Tiger Woods thrust his left hand into the air as the ball disappeared for a birdie on the 18th hole Friday to finish his round, a climactic ending to another difficult battle around Muirfield Golf Club.
On another bright day with temperatures in the 70s, Woods shot an even-par 71 and was delighted to be at 2 under after 36 holes and in contention heading into the final two rounds of the 142nd British Open. Despite missing two putts inside 4 feet, Woods was happy with his round on a course that is teeing up plenty of misery. Woods is seeking his first major title in five years.
Others making good moves included Lee Westwood, who shot 68 to move to 2 under; Henrik Stenson, who shot another 70 to move to 2 under; and Martin Laird, who shot 71 to finish at 1 under.
Miguel Angel Jimenez grabbed the 36-hole lead with an even-par 71, leaving him at 3 under par, one shot clear of the field.
The course, which drew criticism after the first round because of its severity of pin placements and course speed, was a tad softer Friday morning after tournament officials sprinkled water on the greens overnight. Woods even said he and playing partner Graeme McDowell made ball marks on the greens with approach shots. But the course was far from easy as the scores would indicate, and the course will get tougher as it dries out in the afternoon. As well, players are contending with a wind coming out of the northeast, the opposite of what they have seen since Monday.
"It was difficult out there," said Woods, the world No. 1 who is looking for his 15th major title. "The wind obviously is a completely different direction than it was (Thursday). On top of that, we've had quite a bit of moisture on the greens overnight. We actually made a couple of ball marks early. It obviously changed a lot as we were playing along. But one thing that (McDowell) and I were both talking about is we never got an uphill putt to the hole. We were really struggling with that. They were so much slower than yesterday.
"But coming down the hills, they're running out still."
Woods, who hasn't hit a driver during play as he's relied on long irons and metal woods to keep the ball in play on the rock-hard course, is in contention again to end his major drought, just as he was in the 2012 U.S. Open and 2012 PGA Championship, where he held a share of the 36-hole lead at each and slipped on the weekend. He also was in the mix at this year's Masters despite a bad break off the flagstick on the 15th hole in the second round, when he was tied for the lead but watched his ball carom back into a water hazard. He stayed on the edges of contention throughout the weekend but finished in a tie for fourth.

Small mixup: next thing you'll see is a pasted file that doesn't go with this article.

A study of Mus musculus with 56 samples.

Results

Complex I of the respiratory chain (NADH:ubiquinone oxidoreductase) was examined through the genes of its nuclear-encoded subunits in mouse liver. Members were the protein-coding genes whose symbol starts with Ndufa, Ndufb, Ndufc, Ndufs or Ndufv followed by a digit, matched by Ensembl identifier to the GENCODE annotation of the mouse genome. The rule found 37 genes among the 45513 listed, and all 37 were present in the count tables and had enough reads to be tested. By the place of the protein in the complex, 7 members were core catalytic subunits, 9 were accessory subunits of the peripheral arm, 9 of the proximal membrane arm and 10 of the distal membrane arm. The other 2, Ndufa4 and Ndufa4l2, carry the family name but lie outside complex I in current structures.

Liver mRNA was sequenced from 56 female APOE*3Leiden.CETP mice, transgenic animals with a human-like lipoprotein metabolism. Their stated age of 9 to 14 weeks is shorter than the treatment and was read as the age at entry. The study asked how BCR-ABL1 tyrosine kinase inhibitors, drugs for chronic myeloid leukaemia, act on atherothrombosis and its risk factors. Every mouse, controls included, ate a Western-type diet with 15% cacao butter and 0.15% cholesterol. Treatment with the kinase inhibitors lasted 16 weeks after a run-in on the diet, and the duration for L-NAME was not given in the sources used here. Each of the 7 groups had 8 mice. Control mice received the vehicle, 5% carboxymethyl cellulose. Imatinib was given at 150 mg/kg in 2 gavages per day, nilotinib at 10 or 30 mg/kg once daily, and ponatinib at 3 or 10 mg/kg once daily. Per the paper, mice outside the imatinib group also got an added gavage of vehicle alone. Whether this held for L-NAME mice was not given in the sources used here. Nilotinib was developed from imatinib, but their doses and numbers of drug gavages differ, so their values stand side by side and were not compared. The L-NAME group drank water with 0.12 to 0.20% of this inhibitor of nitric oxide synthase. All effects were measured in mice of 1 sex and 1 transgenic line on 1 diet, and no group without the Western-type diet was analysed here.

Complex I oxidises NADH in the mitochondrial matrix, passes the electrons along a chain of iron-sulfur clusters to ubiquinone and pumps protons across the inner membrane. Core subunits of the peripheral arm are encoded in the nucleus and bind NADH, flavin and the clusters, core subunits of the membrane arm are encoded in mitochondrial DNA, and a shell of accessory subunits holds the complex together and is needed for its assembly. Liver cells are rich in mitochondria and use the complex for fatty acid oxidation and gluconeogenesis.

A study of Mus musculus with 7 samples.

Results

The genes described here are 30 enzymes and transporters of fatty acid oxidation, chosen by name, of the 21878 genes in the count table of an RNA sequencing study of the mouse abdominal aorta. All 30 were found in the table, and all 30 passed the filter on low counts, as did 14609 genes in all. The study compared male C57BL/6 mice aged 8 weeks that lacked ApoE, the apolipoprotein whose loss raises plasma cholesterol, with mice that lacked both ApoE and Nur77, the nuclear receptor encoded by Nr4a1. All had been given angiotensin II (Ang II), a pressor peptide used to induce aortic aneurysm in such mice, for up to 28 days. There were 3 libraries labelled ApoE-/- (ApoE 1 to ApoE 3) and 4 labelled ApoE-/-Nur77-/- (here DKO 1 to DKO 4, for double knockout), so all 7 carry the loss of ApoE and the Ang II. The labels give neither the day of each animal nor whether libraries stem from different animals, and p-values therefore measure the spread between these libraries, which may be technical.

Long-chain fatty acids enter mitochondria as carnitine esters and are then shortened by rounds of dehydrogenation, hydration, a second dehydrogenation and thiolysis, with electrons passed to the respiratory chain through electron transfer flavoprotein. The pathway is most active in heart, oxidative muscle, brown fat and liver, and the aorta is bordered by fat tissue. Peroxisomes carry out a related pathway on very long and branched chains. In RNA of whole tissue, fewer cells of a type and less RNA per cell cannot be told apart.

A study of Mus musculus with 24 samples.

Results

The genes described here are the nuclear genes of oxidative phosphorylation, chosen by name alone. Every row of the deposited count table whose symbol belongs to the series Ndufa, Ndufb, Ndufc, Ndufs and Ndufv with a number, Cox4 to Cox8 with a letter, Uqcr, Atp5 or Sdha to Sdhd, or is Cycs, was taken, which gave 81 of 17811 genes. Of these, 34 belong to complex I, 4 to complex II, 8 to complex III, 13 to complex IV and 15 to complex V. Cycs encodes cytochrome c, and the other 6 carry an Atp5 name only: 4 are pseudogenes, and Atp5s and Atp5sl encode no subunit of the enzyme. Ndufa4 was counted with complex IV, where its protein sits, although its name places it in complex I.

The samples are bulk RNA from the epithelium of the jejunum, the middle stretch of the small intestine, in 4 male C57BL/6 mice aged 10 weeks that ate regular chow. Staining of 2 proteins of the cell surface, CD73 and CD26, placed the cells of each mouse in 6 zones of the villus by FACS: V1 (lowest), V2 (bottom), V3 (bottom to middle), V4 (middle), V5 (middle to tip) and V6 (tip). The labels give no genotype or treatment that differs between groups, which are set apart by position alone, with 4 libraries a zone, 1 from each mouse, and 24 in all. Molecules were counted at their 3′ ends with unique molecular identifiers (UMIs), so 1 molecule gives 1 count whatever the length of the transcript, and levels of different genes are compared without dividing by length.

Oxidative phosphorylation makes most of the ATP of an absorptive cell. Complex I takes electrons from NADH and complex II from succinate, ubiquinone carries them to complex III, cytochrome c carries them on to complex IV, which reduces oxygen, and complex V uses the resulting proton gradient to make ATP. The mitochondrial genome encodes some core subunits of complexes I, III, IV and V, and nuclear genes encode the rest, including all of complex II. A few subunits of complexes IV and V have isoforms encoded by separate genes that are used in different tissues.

"I'm in a good spot," Woods said. "These guys have to go out this afternoon and obviously play a golf course that's quick and it's drying out and with a different wind. So it will be tough out there. … (I'll) just continue plodding along. Just continue just being patient, putting the ball in the right spots. We're not going to get a lot of opportunities out there, but when I have, I've been able to capitalize, and hopefully I can continue doing that.
"I've put myself there, I just haven't won. I've had chances on the back nine on many of those Sundays. It's just one of those things where I haven't gotten it done."
McDowell said Woods has an excellent chance to get it done this weekend.
"He was very, very impressive the last two days," McDowell said. "He will not be far away this weekend the way he's playing. Iron play, the flight control that he has in his irons, he just hits the shot that you're supposed to hit at all times. He plays the golf course very conservatively, which I expected because I'm not sure there's a better iron player in the world. It's incredible how well he controls his ball flight. He's using his iron play to devastating effect.
"And he's putting exceptionally well. I lost count of how many 8-, 10-, 15-footers he's made for par over the last two days."
Westwood, chasing his first major title, is in position again.
"Why not enjoy it out there?" Westwood said. "It's tough for everybody. So smile your way through."
Jordan Spieth, 19, who last weekend became the PGA Tour's youngest winner since 1931, made two bogeys through 32 holes and was 3 under. Then came a double-bogey on the 15th, back-to-back bogeys on the next two holes and a missed chance on No. 18 when a 4-footer for birdie slid by the cup.
Just like that, the youngster was at 1-over 143.
Spieth said he got a little bored making all those pars.
"Yesterday, I was for some reason extremely patient with just taking my 30-footers and just trying to give myself tap-ins and not worrying about making birdies," he said. "Today I finally got to a point where I had enough and wanted to really hit it closer. And that's what happens when you try."